Back when I was a senior in college, I took the next step in ski instruction by taking a registration clinic in order to be affiliated with the Professional Ski instructors of America(PSIA). The closest one to me at the time was at Canaan Valley Ski Area in West Virginia. As I made my way south over the Mason Dixon line, I was thinking to myself that this was a strange place to go skiing. My experience up to that time, besides skiing in Pa, was either north to New England or west to Colorado. What was this going to be like? The back roads through the Monongahela National Forest were twisty and dark and I had visions of moonshiners, junk yard dogs, and other Appalachian thoughts where I would be lost in some “holler” and never to be heard of again. I was surprised at the beauty of West Virginia and when I got to the Canaan Valley, I was overwhelmed with the charm and the friendliness of the area and the people. “How y’all doin?” was not something I had ever heard from a liftie before and the clinic went well. The clinic leader was from Vermont and he stated to me that he loved coming south to ski because the resorts make a special effort to make sure that the snow conditions are as good as they can be given the challenging conditions of weather in that area.
Fast forward and our Seven Springs crew made our way to Snowshoe Resort for the annual Cupp Run Ski Race. Snowshoe is a huge ski area with an elevation of over 5,000 feet. It has the topography of a small New England area and the Intrawest property is very well run with a lots of snowmaking capacity and a village that is built like Whistler at the top of the mountain. Our crew at the time was there for this annual race and although my ski instructor form in the race course was pretty, it never was fast. But I always had a good time traveling with some of our guys who were actually pretty accomplished racers. John Steitz, who had a pedigree of prep school and college racing, as well as the experience of coaching at Whiteface, went with us one year and won the race. His victory was pretty strong seeing that his main competition at the time was Hans Truckenbrod who was a Vermont based pro racer who always came south to cherry pick this classic race. Boy was he surprised when the “ragpicker” Johhny beat him and took first prize. John was not a slave to fashion as he raced in a wool hat with a hole in it from his dog eating it for breakfast. He also wore green wool pants and a flannel shirt. When he stood on the podium to collect his prize next to Truckenbrod, with his race attire and the third placed guy also looking splendid with his ski parka with sponsor patches, the photographer for Snowshoe looked at me and said, ” Well there goes the publicity picture.” We all laughed as our buddy the “ragpicker” cleaned house and took away the grand prize. Snowshoe puts on a great race and is a wonderful place to ski with surprisingly a lot of natural snow because of its elevation and the frequent southern storms that come racing through West Virginia. http://www.youtube.com/watch?v=euxtPs3TUJ4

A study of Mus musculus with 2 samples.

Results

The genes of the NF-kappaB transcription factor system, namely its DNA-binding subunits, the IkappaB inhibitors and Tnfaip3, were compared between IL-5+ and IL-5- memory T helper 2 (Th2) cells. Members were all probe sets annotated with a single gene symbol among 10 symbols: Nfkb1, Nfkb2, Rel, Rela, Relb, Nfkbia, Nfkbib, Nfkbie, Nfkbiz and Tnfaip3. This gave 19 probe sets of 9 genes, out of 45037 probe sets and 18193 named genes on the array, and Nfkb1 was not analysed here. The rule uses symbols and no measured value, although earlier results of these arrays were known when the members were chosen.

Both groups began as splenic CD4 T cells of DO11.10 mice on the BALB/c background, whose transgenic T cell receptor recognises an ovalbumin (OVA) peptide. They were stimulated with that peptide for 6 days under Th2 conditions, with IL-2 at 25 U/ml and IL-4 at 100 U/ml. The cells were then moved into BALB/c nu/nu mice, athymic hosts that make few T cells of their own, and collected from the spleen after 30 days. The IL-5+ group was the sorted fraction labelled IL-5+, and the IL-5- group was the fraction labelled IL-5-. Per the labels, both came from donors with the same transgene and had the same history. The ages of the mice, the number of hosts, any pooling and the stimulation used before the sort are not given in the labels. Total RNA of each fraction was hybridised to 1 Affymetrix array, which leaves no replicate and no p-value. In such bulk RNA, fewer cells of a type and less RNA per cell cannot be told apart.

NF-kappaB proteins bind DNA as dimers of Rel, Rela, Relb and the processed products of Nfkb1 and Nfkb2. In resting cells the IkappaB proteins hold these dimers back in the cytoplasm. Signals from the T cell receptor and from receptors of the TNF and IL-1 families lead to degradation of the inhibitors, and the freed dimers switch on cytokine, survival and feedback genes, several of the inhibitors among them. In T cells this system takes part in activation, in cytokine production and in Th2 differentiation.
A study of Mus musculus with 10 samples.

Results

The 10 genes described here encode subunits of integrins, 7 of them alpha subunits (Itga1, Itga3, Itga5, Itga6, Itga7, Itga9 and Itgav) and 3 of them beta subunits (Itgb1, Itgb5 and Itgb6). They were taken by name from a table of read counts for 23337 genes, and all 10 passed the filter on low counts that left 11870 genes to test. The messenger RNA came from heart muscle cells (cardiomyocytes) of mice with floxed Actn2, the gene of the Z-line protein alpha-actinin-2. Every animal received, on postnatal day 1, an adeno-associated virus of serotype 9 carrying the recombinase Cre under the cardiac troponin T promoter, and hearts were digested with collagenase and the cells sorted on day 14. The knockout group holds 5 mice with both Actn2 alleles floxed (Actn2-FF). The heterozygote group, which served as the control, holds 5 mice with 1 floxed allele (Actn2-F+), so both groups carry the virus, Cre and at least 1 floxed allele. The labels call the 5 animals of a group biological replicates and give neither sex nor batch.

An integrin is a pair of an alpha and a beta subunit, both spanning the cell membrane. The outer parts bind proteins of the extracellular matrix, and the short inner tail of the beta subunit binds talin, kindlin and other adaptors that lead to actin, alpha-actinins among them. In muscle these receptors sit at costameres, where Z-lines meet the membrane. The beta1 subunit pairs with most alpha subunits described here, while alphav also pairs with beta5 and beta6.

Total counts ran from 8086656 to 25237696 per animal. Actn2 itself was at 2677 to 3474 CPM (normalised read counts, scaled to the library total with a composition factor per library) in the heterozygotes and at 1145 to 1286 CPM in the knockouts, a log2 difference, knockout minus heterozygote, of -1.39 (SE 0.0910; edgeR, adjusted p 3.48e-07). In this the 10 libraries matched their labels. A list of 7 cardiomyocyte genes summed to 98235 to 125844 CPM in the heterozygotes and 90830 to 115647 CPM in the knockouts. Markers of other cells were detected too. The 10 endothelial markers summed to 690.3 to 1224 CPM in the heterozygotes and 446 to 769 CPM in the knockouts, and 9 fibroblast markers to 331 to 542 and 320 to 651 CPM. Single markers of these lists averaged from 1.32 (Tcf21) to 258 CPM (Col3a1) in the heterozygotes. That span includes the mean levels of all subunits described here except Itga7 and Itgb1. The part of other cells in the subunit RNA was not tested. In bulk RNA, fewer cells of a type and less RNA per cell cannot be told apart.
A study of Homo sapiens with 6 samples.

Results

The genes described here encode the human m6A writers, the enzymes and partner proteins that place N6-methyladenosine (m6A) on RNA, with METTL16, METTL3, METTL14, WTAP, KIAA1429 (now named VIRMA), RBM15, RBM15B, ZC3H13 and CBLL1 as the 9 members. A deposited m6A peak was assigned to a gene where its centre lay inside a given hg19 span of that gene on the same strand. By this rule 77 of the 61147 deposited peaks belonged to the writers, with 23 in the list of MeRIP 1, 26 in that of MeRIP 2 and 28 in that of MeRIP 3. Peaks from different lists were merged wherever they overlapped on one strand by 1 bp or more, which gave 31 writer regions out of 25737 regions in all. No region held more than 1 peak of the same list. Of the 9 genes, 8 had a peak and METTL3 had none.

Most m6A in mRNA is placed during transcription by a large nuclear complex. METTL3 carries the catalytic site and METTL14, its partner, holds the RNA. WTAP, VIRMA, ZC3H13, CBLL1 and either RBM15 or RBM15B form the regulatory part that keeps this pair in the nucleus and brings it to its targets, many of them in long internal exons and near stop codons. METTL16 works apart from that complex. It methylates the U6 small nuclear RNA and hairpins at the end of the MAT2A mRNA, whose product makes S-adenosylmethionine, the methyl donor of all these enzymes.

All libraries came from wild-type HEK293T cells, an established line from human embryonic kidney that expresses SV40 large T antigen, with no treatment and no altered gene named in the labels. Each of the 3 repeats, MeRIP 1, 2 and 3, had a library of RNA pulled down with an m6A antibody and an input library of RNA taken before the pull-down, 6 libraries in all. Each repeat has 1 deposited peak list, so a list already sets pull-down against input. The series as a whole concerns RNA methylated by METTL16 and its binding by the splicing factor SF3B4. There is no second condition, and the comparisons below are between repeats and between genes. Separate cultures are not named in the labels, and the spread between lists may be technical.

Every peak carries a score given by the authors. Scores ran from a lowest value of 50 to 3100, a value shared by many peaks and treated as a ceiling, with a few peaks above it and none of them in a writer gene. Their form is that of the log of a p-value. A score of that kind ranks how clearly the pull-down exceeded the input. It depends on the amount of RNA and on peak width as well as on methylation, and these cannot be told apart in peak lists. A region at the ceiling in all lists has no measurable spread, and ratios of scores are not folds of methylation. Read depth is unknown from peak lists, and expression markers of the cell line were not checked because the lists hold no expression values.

Another great memory for me skiing in the south were my trips to see Frank and Jan Habay in Charlottesville, Virginia. They took us to Wintergreen which is a beautiful ski area in the ridges above Charlottesville. After eating my customary southern breakfast with grits, eggs, sausage and gravy, I was excited to try yet another southern ski area. I had a friend, Mark Singleton, who was the ski school director down there who welcomed us and informed us that the World Cup and Olympic champions, Steve and Phil Mahre, were skiing there that day as a publicity event for K2 skis. We caught up with the Mahres as they were skiing on the two expert slopes and we got a first hand look at not only how powerful they were as skiers, but a good look at their humor which is legendary. You see, at Wintergreen, you can’t ski the expert terrain unless you ski down to two ski patrol members and show them your turns. They punch your ticket which indicates that you are skilled enough to ski there. The ski patrol makes an effort to keep people off those slopes that are not skilled enough to ski there. The Mahre brothers approached them at high speed and stopped right in front of them burying them in snow. As they frantically dusted themselves off preparing to take the tickets from the guys, they showed their anger and started screaming at the top of their lungs at the World Cup champions. As they discovered who they were talking to, their demeanor suddenly became sheepish as we all got a good laugh at the prank that was played on the local constabulary by a couple of guys who have raced all over the world.
Skiing in the south has a special charm. The Appalachian mountains are beautiful in their own right and the gentle elevation, accompanied by the legendary southern hospitality is a welcome addition to anyone’s ski portfolio. If you get the chance, ski the south. West Virginia, Virginia, North Carolina may surprise you and the effort they make to stay open despite weather challenges shows their passion for the sport of skiing. You never know, you may see some Olympic champions in the lodge eating some red eye gravy and ham with some corn bread. Thanks for reading and enjoy the winter.